P2-S3.12 Culture and research: how do you mix them?
  1. D Gesink1,
  2. P McGilvery2,
  3. T Tilley3,
  4. K Saganiuk3
  1. 1University of Toronto, Toronto, Canada
  2. 2Saddle Lake Health Center, Saddle Lake, Canada
  3. 3First Nations and Inuit Health, Health Canada, Saddle Lake, Canada

Abstract

Background Community-based participatory research principles partner community and academics through all stages of the research process. Our purpose is to describe how we have been combining traditional Cree cultural practices (culture) and Western academic research processes (research) to facilitate a restorative research experience.

Methods Culture and research were given equal emphasis in the structure and content of meetings, governance structure of the project, knowledge exchange activities, project development and ethics. To begin this sexual health project, the Health Director invited academic and government partners to the community. Statistics on rates of sexually transmitted infections were shared with community partners. Since then, emphasis has been placed on face-to-face meetings in the community. Elders and community leadership have attended meetings and provided guidance on research activities. The governance structure was organised so primary decision makers are from the community and are guided by a community working group, cultural advisor and scientific advisor. Knowledge exchange was achieved through mutual participation in traditional Cree cultural activities and research emersion at an academic institution. Key community informants, Elders and research assistants led project development. The local First Nations College provided primary ethical review.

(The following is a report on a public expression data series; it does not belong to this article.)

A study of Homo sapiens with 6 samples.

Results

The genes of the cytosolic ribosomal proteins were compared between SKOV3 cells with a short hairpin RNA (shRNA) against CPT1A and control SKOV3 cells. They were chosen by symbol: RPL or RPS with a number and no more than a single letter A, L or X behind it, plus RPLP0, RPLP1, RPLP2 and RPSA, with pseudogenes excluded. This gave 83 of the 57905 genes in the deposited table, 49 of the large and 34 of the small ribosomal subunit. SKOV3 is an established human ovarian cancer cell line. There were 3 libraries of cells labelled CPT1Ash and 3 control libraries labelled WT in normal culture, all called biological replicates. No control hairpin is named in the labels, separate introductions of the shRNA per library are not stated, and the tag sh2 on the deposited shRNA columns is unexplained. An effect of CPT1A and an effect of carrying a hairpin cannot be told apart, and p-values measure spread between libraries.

Results Face-to-face meetings helped build strong, sustainable relationships between community and outside researchers. Knowledge exchange activities, like cultural teachings and research trainings, contributed to mutual respect, understanding and trust between community and outside team members. Participation in community events and traditional ceremonies combined with formal and informal discussions with the community working group, Elders, and key community informants led to the identification of a priority research area of importance to the community. Following community led ways of knowing and doing has led to the development of innovative research methods for data collection. Ethics review held in ceremony provided a supportive, holistic environment from which to proceed with research activities.

Conclusions Building trust and nurturing the relationship between community and outside research partners has been integral for restoring confidence in the potential benefits of research for this First Nations community.